There was a time when the TV ruled the living room, not because of how good the picture was, but more so because it was the only game in town. TVs were tube-based and on average 19" in size and color, well that was an expensive option over black and white. Besides, how many TV shows were in color anyway?
Flash forward 60+ years and 50, 60 and now rule. Filled with tech that past TV viewers never dreamed of, one thing is still lacking. Sound. Hence the appearance of the home theater. Savvy TV viewers figured out early on that the audio coming from the TV had limitations. So the TV viewer decided to get full-on speakers and connect them to the TV. This led to multiple speakers able to provide surround sound, rear surround and much more -- thanks to mature technologies like Dolby Digital and emerging technologies like .
Arranged around a room, a set of speakers makes what IS a home theater, complimenting the TV's visual might with awesome sound. But to drive the speakers, an amplifier is needed. It too has evolved, becoming the AV (audio/video) receiver for taking and controlling video so that it can be sent to the TV. are impressive to look at; they're usually a jet or matt black with big knobs and multitudes of tabs and buttons controlling a vast array of audio and video features. Even if all you ever use is the remote, the number of choices of sound quality results can seem staggering. Especially if you're less familiar with what makes for good audio. So with that in mind, lets blow away the smoke hiding the basics of what makes for a good AV receiver without having to resort of charts, diagrams or sound theory. It's what you hear that counts.
An gives the amount of power it possesses in watts; for example 150 watts. The more power, the louder the volume can become, but more importantly, the louder it can be before it starts to distort. So a realistic way to look at this might be to say that a 200 watt AV receiver @ 70% volume will sound "cleaner" than a 125 watt receiver turned all the way up. But another thing to keep in mind is RMS -- a number noting the average power output of the speaker over a period of time. For many this is a more accurate way to look at the amount of "oomph" the receiver can turn out to the speakers — it’s in the specifications so all that is needed is to look.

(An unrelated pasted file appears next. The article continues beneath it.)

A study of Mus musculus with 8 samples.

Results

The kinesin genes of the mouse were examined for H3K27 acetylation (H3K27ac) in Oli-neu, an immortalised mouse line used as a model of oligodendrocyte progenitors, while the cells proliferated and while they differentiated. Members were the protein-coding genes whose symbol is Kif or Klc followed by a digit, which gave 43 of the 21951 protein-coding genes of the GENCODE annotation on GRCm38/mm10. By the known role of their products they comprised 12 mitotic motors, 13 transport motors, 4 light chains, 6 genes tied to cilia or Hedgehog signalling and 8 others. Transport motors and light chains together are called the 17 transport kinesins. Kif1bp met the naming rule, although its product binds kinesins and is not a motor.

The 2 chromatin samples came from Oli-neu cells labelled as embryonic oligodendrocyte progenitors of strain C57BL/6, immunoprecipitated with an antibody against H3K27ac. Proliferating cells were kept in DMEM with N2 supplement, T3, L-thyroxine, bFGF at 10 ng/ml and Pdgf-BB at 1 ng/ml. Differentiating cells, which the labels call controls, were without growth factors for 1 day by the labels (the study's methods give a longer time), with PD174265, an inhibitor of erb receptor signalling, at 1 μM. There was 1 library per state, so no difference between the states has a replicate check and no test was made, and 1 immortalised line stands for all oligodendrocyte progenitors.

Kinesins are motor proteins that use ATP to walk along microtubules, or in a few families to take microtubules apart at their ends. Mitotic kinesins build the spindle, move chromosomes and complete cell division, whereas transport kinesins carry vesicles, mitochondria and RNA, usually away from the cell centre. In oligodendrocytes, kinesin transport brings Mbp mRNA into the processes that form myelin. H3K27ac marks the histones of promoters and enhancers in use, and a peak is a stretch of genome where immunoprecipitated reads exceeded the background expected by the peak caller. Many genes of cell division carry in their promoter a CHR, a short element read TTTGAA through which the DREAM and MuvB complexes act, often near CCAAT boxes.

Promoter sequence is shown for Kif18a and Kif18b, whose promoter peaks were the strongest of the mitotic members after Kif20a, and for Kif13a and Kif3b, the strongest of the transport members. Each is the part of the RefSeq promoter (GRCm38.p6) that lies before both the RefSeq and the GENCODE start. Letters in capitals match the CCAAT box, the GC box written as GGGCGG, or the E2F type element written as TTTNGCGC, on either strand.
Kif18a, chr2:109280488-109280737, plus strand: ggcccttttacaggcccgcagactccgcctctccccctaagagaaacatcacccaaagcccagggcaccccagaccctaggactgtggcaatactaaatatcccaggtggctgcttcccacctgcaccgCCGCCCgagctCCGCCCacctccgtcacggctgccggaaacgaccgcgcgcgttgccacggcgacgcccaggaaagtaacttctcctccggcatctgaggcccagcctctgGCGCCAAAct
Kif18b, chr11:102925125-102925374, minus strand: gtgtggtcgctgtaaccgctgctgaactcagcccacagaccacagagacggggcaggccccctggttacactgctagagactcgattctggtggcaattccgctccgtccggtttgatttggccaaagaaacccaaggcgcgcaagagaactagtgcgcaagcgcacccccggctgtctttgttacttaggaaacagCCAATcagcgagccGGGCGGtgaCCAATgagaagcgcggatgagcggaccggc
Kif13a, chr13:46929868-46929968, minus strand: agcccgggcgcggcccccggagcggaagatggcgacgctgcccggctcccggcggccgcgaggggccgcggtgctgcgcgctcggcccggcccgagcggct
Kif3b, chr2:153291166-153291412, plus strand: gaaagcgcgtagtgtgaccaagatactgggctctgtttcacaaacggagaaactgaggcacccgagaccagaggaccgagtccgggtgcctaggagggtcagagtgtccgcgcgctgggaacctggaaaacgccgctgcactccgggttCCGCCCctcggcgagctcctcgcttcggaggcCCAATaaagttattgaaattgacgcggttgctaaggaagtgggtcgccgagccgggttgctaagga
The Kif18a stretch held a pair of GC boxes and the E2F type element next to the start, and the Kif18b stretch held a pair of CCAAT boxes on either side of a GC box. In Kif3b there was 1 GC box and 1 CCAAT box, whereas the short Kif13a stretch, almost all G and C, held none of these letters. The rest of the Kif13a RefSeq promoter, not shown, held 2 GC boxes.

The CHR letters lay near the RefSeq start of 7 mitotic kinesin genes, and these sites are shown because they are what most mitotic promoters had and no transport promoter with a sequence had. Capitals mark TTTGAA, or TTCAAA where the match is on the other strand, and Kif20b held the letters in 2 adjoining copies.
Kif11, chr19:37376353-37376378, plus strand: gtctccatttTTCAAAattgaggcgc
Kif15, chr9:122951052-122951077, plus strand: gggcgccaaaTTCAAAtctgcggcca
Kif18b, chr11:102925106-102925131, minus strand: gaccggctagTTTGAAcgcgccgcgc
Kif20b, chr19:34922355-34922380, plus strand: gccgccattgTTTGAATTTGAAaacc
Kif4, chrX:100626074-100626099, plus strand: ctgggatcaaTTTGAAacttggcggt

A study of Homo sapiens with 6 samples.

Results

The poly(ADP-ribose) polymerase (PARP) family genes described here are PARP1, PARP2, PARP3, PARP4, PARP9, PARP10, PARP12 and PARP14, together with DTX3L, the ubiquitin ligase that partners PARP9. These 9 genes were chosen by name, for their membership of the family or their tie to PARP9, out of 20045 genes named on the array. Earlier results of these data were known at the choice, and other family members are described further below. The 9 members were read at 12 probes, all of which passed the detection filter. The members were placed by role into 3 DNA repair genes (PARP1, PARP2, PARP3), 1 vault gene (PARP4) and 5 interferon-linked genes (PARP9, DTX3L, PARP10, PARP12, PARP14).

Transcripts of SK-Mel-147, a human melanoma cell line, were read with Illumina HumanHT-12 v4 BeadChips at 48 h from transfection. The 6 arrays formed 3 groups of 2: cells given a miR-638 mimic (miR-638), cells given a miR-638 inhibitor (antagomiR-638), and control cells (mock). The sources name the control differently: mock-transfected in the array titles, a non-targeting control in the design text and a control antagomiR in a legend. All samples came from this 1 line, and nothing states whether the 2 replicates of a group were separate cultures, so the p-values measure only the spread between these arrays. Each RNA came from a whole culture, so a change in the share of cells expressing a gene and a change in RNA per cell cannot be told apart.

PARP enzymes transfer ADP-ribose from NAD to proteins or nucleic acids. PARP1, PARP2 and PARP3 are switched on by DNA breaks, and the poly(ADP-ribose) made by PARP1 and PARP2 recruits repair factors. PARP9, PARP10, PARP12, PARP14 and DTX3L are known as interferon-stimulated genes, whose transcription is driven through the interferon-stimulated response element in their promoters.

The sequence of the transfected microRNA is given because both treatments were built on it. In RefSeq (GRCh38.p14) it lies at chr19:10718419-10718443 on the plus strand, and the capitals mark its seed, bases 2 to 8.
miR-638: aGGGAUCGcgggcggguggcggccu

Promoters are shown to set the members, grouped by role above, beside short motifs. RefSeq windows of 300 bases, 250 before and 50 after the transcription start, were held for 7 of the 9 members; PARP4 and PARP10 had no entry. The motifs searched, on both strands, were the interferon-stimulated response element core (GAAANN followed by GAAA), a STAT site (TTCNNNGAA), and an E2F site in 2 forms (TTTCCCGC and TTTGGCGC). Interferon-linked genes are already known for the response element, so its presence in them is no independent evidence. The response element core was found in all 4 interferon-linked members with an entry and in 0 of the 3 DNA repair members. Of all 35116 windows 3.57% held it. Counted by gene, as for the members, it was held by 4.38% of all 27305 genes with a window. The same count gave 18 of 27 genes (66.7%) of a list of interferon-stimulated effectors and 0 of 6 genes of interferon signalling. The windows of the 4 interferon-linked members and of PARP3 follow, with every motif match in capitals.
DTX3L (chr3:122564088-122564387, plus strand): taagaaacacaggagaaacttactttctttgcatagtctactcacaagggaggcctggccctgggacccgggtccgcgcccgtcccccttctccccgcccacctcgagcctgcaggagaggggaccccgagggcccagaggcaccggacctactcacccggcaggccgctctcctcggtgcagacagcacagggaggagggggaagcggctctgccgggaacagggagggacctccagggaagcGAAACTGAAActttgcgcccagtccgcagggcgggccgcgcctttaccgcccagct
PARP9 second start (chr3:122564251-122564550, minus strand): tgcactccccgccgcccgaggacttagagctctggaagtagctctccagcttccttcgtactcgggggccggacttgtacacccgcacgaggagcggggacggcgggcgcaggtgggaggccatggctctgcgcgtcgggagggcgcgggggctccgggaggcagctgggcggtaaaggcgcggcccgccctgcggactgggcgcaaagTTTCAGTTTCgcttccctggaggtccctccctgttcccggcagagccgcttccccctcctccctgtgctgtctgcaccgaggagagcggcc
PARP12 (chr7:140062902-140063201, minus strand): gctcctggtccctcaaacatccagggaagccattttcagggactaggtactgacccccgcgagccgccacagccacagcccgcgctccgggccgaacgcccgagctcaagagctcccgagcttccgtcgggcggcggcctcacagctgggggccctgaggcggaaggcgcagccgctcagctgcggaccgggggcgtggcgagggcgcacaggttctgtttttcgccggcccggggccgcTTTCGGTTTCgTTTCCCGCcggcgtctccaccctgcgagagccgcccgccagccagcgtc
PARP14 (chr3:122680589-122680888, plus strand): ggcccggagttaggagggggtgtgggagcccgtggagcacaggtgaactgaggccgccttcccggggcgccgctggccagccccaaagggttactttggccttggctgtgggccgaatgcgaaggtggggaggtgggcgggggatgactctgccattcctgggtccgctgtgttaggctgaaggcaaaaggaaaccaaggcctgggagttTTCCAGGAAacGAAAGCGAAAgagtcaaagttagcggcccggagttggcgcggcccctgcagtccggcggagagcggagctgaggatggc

HOW MUCH POWER
An must supply power to the total number of speakers connected to it evenly. Speakers are rated for their power requirements and so if a speaker with a nominal impedance of 8 ohms is rated at 100 watts, then the amp needs to be rated at about double that -- in this case that would be up to 200 watts per channel. So when getting a receiver for the first time or in tandem with speakers, be sure to check the speakers capabilities in this area first, then make your decision as to the amplifier with this in mind.
HOW MANY SPEAKERS
AV receivers provide for multiple speakers to be attached to them. For a stereo receiver, it’s just two — but for multichannel capable receivers, it can be many (for example, a 5.1 or 7.1 or a in which the “1” or “2” represents a self-powered subwoofer attached). The receiver can have more speaker capability than the speakers in the home theater as you can always add more speakers.
BELLS and WHISTLES
was once a major investment in terms of cost and commitment, but now they have become more affordable even as the brand names like and Sony and others have maintained their level of excellence for sound reproduction. Pair an AV receiver with a set of speakers and a big TV and your home theater will be a place where many happy hours of listening to music and watching TV and movies will be spent.